The 12 labours of pharmacy

In pharmacy we have seen ourselves cast as both heroes and villains, says Mohammed Hussain

The legend of the 12 labours of Heracles comes to us from ancient Greece, although we know the man better today as Hercules. Hercules had to complete 12 labours, each more difficult than the last.

The labours included slaying the multi-headed Hydra, a monster that grew new heads as each one was severed. It also had poisonous breath (masks needed). Today working in pharmacy requires a Herculean effort to tackle the multi-headed beast that is Covid-19 and all that comes with it.

Just when we think things are returning to normality there is a new twist. Christmas and New Year this year has been challenging for everyone - a rerun of Christmas 2020 for many. Omicron has spread faster than any variant before it, and although its fatality rate has so far been lower, that is not the only metric. The full impact of the absence of workers due to infection and the complications of long Covid are as yet unknown, and the effect on the mental health of nation are also important.

Pharmacies have been cast as both heroes and villains: heroes for stepping up and delivering millions of vaccines through pharmacy-led clinics, villains as gatekeepers for the lateral flow tests (LFTs) that the government has been urging everyone to use while not providing sufficient supplies.

The worst aspect of this has been the code that members of the public must register for online, and which they need to provide at the pharmacy. This gives the false impression that when a code is generated there is a corresponding physical stock available to collect.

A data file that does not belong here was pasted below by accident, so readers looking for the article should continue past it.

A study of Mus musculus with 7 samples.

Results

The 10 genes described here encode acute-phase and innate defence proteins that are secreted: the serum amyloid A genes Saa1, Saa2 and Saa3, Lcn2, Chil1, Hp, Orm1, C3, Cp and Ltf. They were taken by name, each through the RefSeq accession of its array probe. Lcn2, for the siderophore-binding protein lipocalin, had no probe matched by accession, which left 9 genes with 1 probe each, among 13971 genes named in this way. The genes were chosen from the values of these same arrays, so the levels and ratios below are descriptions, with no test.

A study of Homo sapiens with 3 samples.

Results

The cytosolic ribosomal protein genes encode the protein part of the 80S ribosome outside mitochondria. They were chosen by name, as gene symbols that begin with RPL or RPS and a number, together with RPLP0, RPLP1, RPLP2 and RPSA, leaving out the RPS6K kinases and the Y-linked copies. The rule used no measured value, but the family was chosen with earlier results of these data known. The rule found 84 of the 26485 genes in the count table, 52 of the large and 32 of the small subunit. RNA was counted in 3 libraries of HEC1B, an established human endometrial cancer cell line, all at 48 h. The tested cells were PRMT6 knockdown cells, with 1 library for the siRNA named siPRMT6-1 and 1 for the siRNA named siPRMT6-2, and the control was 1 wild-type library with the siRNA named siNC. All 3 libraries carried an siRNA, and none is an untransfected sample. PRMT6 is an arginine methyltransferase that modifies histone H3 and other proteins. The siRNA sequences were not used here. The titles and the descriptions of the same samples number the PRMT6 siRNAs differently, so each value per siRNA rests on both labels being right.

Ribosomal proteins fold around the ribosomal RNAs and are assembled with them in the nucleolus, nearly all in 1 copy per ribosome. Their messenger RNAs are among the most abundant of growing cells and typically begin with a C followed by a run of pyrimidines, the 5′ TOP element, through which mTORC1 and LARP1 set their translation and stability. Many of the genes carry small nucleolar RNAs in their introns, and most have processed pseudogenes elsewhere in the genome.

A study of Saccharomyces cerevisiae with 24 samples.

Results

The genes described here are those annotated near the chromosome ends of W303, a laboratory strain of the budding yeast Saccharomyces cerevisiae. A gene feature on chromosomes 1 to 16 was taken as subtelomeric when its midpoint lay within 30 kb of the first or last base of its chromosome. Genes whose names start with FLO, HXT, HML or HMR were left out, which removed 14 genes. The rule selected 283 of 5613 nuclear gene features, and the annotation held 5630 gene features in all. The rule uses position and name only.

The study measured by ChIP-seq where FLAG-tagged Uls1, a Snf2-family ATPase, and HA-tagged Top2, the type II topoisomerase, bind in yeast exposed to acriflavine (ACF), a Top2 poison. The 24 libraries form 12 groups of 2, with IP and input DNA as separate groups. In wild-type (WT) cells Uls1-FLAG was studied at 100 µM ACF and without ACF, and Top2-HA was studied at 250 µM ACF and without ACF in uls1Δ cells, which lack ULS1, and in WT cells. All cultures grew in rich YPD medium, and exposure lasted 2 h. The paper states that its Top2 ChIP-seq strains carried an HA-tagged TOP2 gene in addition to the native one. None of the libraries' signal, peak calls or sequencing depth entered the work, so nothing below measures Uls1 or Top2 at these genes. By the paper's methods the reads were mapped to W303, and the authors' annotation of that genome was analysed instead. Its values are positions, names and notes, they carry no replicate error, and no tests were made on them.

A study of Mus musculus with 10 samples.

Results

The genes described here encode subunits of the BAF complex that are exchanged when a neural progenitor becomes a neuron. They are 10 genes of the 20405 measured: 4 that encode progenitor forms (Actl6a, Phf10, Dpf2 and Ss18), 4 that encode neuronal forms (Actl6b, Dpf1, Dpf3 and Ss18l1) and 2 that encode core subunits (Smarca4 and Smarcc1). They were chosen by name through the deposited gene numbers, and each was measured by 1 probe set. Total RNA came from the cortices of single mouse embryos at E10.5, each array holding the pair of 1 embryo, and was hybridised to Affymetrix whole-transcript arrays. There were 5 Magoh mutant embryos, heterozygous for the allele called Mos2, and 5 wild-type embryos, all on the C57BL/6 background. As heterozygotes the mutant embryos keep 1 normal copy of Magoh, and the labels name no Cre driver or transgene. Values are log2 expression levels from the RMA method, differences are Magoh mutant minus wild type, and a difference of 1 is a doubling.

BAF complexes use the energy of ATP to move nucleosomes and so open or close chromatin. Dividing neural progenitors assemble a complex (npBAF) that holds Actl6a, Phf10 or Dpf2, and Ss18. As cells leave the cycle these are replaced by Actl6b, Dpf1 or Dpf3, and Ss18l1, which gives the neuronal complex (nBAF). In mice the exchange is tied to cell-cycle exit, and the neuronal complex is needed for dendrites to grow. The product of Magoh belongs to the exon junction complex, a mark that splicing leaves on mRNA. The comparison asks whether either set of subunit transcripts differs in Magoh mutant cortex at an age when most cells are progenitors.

There is no link between the generation of the code and the availability of stock. Little surprise, then, that some members of the public, who feel they are entitled to stock and do not receive it, become aggressive and angry with the pharmacy team.

This is an entirely avoidable issue if the websites either made clear the collection codes were not a guarantee of stock, or even better, the whole collection code process was scrapped entirely. Overworked pharmacy teams have to re-enter these collect codes to claim the fee for each LFT collected. This is not what we should be asking of pharmacy teams in the middle of a pandemic.

Enter the Association of Independent Multiples (AIMp) which has been collating the experiences of its members and working hard for many months to raise awareness of the problems with the current LFT supply system. Thanks to their carefully planned and calibrated campaign the issue made the BBC Radio 4 Today Programme and then mainstream media news headlines for several days.

AIMp is an example of a small organisation making a Herculean effort to represent the views and lived experiences of pharmacy staff to policymakers. The Association spokesmen do not do it for personal media attention or to advance their own egos - unfortunately we have too much of that already in our national pharmacy bodies. Kudos to AIMp for showing how to raise awareness of pharmacy issues through careful hard work and executing a media plan.

Back on the ground in each pharmacy, we continue to plough through our 12 labours of pharmacy:

1.     Managing the fallout from insufficient supplies of LFTs
2.     Trying to avoid the airborne Omicron infection when some customers still refuse to wear a mask
3.     Dealing with staff sickness and its impact on pharmacy services
4.     Requests for home delivery
5.     Coping when wholesaler orders do not arrive and the ‘owing’ mountain grows
6.     Covid vaccination clinics
7.     Flu vaccination clinics
8.     Online CPCS referrals, including for patients testing positive for Covid
9.     Verbal referrals of patients from GPs to pharmacy
10.   PCN leads making branded generic switches
11.   Telephone calls at unprecedented levels
12.   The normal dispensing volume and day job.
Like Hercules, we have learnt that trying to slay the Hydra is an almost impossible task, but we take solace from the fact that Hercules succeeded. Perhaps, one day, we too will overcome this Hydra.

Mohammed Hussain is an independent contractor and non-executive director of Bradford Teaching Hospitals Foundation Trust.